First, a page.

The end of a dynasty is never pretty, but the Spurs had a particular haven’t-you-left-yet quality rarely seen in the sporting world. In most cases — like the Bushes and the Clintons — a dynasty has some level of popularity, becomes disliked for winning so much for so long, and then dies in a spectacular flameout.
San Antonio never traveled that arc. For one thing, it was never popular, as its anemic NBA Finals ratings attested, so it never rose to the level of being hated. The Spurs’ winning four titles in nine seasons was more of an annoyance to anyone outside of South Texas. And, sheesh, you call winning four titles in nine seasons a dynasty?
The most frequent short answer to the question of why the Spurs never caught the national imagination is, “They’re boring.” But it runs deeper than that. The Spurs missed five of the essential ingredients that made dynasties into legends:
1. They never won back-to-back titles
The hardest thing in sports, as we are often reminded when a championship team does a faceplant the next season, is to repeat. The Spurs not only never repeated after winning in 1998-99, 2002-03, 2004-05 and 2006-07, but they also never made it to the Finals the season following a championship. They didn’t just miss the NBA Finals. They missed the Western Conference finals. In 1999-2000, the Spurs didn’t even make it out of the first round. It’s hard to win four titles in nine seasons, but it’s not awe-inspiring like winning, say, three titles in a row, as the Los Angeles Lakers did between the Spurs’ first and second championships.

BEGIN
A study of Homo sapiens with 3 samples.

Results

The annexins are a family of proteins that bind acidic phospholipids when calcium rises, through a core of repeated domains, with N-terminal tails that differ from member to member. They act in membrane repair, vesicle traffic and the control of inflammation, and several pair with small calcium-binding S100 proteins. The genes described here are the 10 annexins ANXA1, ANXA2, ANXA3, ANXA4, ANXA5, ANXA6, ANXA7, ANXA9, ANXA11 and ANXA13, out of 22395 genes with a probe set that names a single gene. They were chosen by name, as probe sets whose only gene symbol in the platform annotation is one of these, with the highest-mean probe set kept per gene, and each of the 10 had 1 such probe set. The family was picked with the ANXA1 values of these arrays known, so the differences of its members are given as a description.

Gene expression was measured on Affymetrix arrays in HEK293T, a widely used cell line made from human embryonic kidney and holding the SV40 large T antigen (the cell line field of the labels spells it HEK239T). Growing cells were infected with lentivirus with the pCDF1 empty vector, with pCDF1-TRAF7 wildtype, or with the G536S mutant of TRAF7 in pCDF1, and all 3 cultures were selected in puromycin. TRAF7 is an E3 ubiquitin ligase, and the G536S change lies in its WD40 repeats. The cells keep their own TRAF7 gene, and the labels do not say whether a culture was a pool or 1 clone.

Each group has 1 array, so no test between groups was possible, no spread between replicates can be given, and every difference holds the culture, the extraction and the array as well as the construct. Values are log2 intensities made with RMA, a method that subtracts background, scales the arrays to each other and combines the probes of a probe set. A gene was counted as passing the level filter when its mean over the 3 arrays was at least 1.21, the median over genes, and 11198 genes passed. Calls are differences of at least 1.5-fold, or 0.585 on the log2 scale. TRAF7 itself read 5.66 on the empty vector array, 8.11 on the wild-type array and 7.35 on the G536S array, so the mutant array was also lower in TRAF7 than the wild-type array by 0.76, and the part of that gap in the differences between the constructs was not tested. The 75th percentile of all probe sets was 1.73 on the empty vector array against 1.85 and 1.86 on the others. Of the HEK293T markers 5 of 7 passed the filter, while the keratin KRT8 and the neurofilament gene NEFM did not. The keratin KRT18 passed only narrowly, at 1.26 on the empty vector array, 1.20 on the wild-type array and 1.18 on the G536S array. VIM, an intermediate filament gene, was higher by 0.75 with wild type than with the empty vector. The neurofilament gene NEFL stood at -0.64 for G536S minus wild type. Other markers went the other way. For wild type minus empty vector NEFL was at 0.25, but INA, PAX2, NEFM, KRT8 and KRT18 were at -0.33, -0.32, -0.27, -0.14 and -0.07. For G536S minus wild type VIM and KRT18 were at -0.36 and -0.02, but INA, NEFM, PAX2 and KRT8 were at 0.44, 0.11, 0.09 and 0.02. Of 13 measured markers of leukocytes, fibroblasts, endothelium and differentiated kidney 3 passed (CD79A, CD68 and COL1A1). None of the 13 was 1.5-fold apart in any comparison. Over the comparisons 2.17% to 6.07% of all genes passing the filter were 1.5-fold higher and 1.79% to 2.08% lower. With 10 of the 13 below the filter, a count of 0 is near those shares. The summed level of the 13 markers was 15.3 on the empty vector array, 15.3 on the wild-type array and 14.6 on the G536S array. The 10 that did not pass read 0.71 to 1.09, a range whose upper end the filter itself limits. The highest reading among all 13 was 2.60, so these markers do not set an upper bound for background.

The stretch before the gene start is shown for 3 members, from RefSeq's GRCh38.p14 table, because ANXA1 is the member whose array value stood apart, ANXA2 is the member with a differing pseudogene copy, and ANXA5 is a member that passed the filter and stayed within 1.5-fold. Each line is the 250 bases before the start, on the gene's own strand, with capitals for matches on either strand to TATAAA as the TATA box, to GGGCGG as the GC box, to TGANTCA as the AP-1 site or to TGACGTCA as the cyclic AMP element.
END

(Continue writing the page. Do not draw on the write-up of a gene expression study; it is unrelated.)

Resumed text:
2. They had no swagger
You can’t help but admire great players with manageable egos, such as Tim Duncan, the defining player of the Spurs’ championship run. Tony Parker doesn’t lord it over us that he is married to Eva Longoria, and we are not. The Spurs are great people. And America yawns. Meanwhile, the Chicago Bulls got rock-star worship wherever they went, with Michael Jordan and Scottie Pippen providing the on-court swagger, and the likes of Dennis Rodman making the off-court life more delicious. Even the Belichick-dull New England Patriots had swagger, between Tom Brady’s quarterbacking and his off-the-field, gossip-column-level canoodling. We might admire the Spurs, but their relatively stoic nature made it hard to love them — and to hate them.
3. They had no great rival
A big reason there is inherent excitement over a Celtics-Lakers final is that each team has a long history of defining ultimate success as beating the other in the NBA championship. (It's the 11th meeting between the Celtics and the Lakers in the Finals, with Boston winning the first eight, and Los Angeles winning the last two.) The Spurs beat four different teams — the eighth-seeded New York Knicks in 1999, New Jersey in 2003, Detroit in 2005 and Cleveland in 2007. Even in the Western Conference, San Antonio had no long-standing, attention-grabbing rival knocking at the door. Without that great rival, it was harder for the Spurs to prove legendary greatness. The Patriots at least had the Indianapolis Colts as a measuring stick, and the Brady-Manning rivalry provided the dynasty more juice. The Spurs, and Duncan, had rivalries with no one.